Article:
In summary: Salesforce.com, Salesforce.com, more Salesforce.com, and is IBM shaping up to buy SugarCRM?
I imagine the conversation in most CRM companies went something like this: ‘well, it’s the Olympics and people will be away on holiday, so let’s keep new announcements on ice until September’. But in a conference room in San Francisco, the conversation was clearly a little different: ‘well, it’s the Olympics, and people will be away on holiday, and other CRM companies won’t be doing much, so let’s use the opportunity to dominate the headlines for the month’.
And so Salesforce.com did. In no particular order, the company announced its Q2 results, which topped analyst expectations with revenues of $731.6 million, and a net loss of $9.8 million, up from revenues of $546 million, and a loss of $4.4 million in Q2 2011. The company trimmed its guidance for Q3 however, which sent shares sliding by 5% in after-hours trading.
Interestingly, while sales were up 34% year on year, sales and marketing expenses were up 65%, research and development up 44%, and general and administrative costs up 40%, which led some commentators, at least, to question how sustainable the current business model is. My personal take is that Salesforce’s recurring revenue model, which isn’t beholden on selling a bunch of new licences every quarter, means that it could switch into profitability pretty much anytime it wants. At the moment it sees an opportunity for huge growth and is clearly going for it – hard.
While it may not be beholden to big new licence deals, it doesn’t mean that it’s not getting them. The company also announced that it had landed one of the single biggest transactions in its history. Since the previous largest was believed to be State Farm Insurance for $140 million, this clearly wasn’t a minor transaction. While the company wasn’t naming names, it certainly seemed to be giving a few hints, with Marc Benioff indicating it was a large networking technology company.
Coincidently – perhaps – Cisco – a large networking technology company – also announced in August that Marc Benioff was joining the board as a non-executive director.
With Salesforce.com’s flagship Dreamforce event coming up in September, Marc Benioff used the Q2 earnings call as an opportunity to provide some glimpses of forthcoming announcements. This will include the unveiling of Work.com, which looks like it will be a combination of Rypple’s performance management capabilities that Salesforce purchased last year, and the corporate perks functionality from ChoicePass, acquired a few months ago.
Some commentators were suggesting that Salesforce would launch a full on assault on the HR software market, but with Workday Co-CEO Aneel Bhusri due to speak at Dreamforce about the new integration between Workday and Salesforce, this would seem unlikely. Whether that position is maintained over the long term, as Salesforce inevitably looks to broaden what it can offer its customers, is another matter.
The other area we can expect to see announcements is the marketing cloud, building on the back of Salesforce’s Buddy Media and Radian6 acquisitions. With some analysts suggesting that the chief marketing officer will be responsible for more IT budget than the chief information officer, Marc Benioff, as ever highly attuned to emerging trends, has identified this area as ‘the next $1 billion product line in the making’.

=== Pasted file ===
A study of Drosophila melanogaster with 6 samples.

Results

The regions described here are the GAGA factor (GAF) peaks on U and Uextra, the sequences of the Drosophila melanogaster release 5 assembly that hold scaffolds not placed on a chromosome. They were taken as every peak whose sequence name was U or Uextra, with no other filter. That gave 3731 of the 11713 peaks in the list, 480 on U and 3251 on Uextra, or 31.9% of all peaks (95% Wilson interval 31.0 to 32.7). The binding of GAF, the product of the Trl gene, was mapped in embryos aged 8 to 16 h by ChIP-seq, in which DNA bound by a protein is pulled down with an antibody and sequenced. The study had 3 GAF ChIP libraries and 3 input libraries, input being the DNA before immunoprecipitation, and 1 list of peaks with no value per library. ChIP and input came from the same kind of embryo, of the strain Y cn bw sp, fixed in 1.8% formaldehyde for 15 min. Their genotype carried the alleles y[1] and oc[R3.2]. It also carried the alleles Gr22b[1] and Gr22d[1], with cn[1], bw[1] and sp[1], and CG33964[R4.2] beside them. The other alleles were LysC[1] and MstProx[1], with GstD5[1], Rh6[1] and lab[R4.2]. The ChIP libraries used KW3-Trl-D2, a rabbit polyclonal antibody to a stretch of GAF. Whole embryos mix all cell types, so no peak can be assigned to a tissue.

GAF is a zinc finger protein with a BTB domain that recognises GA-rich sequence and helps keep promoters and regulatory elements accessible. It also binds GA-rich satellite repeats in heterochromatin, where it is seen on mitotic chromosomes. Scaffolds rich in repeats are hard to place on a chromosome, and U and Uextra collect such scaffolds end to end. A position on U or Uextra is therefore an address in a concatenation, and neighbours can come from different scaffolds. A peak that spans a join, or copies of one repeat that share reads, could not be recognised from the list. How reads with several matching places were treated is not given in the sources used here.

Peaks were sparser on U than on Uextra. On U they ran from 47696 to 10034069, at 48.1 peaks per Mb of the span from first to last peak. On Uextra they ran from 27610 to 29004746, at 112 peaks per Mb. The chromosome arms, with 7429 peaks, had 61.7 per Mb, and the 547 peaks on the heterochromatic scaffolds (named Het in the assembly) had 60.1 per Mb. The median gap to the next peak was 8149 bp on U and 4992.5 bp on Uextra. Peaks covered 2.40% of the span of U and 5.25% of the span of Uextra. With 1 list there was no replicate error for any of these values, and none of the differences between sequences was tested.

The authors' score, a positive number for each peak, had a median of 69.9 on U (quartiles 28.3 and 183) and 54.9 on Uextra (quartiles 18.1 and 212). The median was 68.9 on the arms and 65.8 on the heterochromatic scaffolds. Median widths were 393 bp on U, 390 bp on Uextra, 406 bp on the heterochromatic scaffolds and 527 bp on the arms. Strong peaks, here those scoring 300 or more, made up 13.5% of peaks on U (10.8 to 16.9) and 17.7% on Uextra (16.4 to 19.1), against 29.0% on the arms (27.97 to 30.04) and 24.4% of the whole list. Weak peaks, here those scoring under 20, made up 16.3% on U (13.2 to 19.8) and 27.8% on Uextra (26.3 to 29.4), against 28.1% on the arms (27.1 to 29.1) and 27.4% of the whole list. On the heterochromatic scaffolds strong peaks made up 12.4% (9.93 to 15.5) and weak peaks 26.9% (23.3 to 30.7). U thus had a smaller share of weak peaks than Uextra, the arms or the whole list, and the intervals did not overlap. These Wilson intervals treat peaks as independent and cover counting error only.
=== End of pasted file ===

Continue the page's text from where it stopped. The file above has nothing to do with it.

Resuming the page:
Salesforce.com also unveiled a refresh of its do.com capabilities, adding contact and opportunity tracking capabilities to its, currently, free task manager application, built on the back of its 2011 Manymoon acquisition.
And finally, to round out the month, Salesforce published 197 pages of releases notes for its Winter ’13 release. This will include the extension of Chatter to include polls and new functionality to help integrate third party applications. The notes also included the pilot of the new communities capabilities, which were also announced earlier in the month, and allow users to create their own private social networks which can accommodate employees, partners, customers and other stakeholders.
Elsewhere on the Salesforce.com front, plans to trademark the term ‘social enterprise’ in the US, EU, and Jamaica, started to ruffle a few feathers among organisations that consider themselves social enterprises by virtue of their focus on contribution to the community and environment in preference to pure profit. Peter Holbrook, Chief Executive of Social Enterprise UK, in a letter to the Guardian newspaper, said the ‘The move is wholly misleading and threatens the real social enterprise sector’s future’.
Finally, in other – non-Salesforce.com – news, IBM announced it was purchasing Kenexa, the developer of HR applications. Where this becomes potentially more interesting to the CRM market is whether this marks a shift in strategy for IBM, to a greater focus on business applications. If so, the question arises as to who it might target in the CRM space. Some pundits had suggested Salesforce.com, but with a current market capitalisation in excess of $20 billion, this looks a touch unlikely.
SugarCRM, who have made huge strides forward in the last few years – progress attested to by their August Q2 financial update showing billings up 36% year on year – would seem a much more likely proposition, particularly given the close existing relationship between the two companies.
That concludes my take on the news for August. If I’ve missed or misunderstood anything significant please feel free to comment!